We are big fans of using recycled materials in our DIYs. At the top of our fave recycled materials list is the cardboard box. Cardboard crafting possibilities are endless… you can pretty much make anything under the sun! Wait, did somebody say sun?
Today we’re going to show you how to turn the humble cardboard box into this super fab sun ray wreath. It’s earth-friendly, kid-friendly, design on a dime!
what you need:
- Paper plate
- Apple Barrel Acrylic Paint (think sunset colors: pinks, peaches, yellows, creams)
- Paint brush
- Heavy duty scissors and/or a paper cutter
- Hot glue gun
Paint sheets of recycled cardboard in sunset colors. Try experimenting with different brush strokes when painting your cardboard. Try laying a few colors on top of each other or adding some splatters. Have fun with it!
Once your cardboard is dry, it’s time to cut it into strips to create your rays. If you have a paper cutter it will speed up this step a lot. If not, you can cut strips with a good pair of scissors or a utility knife. Remember, this wreath is supposed to be artsy and funky so you don’t have to make the strips “perfect”.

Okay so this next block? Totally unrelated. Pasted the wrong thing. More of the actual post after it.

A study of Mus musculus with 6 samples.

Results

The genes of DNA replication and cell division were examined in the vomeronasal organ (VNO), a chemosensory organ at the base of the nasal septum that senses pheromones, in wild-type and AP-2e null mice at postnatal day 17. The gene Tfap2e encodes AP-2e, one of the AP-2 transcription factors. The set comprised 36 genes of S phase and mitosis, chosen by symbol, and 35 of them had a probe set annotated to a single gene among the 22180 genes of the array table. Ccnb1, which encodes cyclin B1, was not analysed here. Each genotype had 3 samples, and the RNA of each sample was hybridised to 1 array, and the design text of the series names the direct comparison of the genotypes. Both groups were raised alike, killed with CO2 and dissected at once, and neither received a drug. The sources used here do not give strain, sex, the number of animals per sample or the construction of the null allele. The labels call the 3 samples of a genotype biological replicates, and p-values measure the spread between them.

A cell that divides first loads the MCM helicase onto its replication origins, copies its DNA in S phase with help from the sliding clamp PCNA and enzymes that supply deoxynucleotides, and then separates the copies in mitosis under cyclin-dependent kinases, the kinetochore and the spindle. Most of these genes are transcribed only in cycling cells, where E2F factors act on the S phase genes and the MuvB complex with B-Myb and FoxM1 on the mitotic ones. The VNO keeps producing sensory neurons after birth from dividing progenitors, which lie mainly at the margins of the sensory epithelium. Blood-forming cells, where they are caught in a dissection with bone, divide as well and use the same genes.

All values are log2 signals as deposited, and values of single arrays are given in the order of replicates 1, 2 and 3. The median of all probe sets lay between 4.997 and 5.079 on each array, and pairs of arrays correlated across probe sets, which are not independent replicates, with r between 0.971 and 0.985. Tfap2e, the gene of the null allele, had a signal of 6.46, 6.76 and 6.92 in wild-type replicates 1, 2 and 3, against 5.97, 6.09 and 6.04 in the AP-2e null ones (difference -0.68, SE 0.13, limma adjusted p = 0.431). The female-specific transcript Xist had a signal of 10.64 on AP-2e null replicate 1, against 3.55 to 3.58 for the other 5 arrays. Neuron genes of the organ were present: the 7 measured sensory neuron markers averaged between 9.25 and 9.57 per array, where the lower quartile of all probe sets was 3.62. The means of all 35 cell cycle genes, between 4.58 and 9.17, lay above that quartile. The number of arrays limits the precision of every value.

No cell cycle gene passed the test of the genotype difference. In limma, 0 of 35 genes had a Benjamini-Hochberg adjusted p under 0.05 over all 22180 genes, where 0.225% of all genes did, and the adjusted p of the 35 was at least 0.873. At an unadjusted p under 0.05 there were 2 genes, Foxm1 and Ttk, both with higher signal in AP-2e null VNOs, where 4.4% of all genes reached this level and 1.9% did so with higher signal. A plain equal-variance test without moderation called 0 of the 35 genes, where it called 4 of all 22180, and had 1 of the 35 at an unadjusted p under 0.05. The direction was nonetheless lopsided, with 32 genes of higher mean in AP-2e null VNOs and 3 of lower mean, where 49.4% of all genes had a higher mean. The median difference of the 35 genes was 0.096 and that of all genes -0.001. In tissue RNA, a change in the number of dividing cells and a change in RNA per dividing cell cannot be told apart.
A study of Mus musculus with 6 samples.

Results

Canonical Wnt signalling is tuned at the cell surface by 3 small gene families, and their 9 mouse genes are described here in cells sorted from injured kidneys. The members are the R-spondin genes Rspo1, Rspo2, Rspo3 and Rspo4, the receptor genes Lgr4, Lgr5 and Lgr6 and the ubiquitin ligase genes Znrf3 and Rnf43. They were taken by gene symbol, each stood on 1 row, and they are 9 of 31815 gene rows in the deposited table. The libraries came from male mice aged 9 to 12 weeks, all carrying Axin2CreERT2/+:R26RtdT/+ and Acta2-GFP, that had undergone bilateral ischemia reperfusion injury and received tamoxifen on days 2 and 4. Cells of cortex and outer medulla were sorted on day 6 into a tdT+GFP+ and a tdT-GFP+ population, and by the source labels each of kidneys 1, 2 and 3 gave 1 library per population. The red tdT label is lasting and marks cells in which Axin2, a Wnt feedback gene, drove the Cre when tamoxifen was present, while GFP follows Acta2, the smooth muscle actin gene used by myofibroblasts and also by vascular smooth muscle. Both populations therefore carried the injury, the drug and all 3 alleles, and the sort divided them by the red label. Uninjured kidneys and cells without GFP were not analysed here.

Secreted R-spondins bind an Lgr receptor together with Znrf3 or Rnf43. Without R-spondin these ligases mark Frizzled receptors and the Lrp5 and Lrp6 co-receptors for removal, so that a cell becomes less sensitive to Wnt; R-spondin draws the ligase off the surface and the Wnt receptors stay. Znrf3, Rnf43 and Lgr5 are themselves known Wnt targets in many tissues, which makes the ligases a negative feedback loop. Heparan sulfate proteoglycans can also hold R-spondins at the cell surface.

Cut the center out of your paper plate. The outside rim of your plate will become your sun shape.
Add a dab of hot glue to the back side of one of your painted strips and attach it to the paper plate rim.
Keep gluing your strips to the paper plate. Work your way around the entire circle. Remember to alternate colors and patterns so that you have a nice mix. Don’t worry about gaps on the first go around … you can go
back and layer the strips to fill your sun.
Time to hang! Hang your sun wreath on your front door to brighten up your entry way or maybe you want to bring a little sunshine indoors and hang it on your wall? All you need is a nail or a hanging hook and you are good to go.
This beautiful sunburst wreath project comes from guest contributor Arielle Goddard. Arielle is an artist, designer, teacher, magic-maker, and mama of two girls. She’s been teaching and developing art programs in Los Angeles for 20 years and shares her art adventures and DIY projects on her blog Art Camp.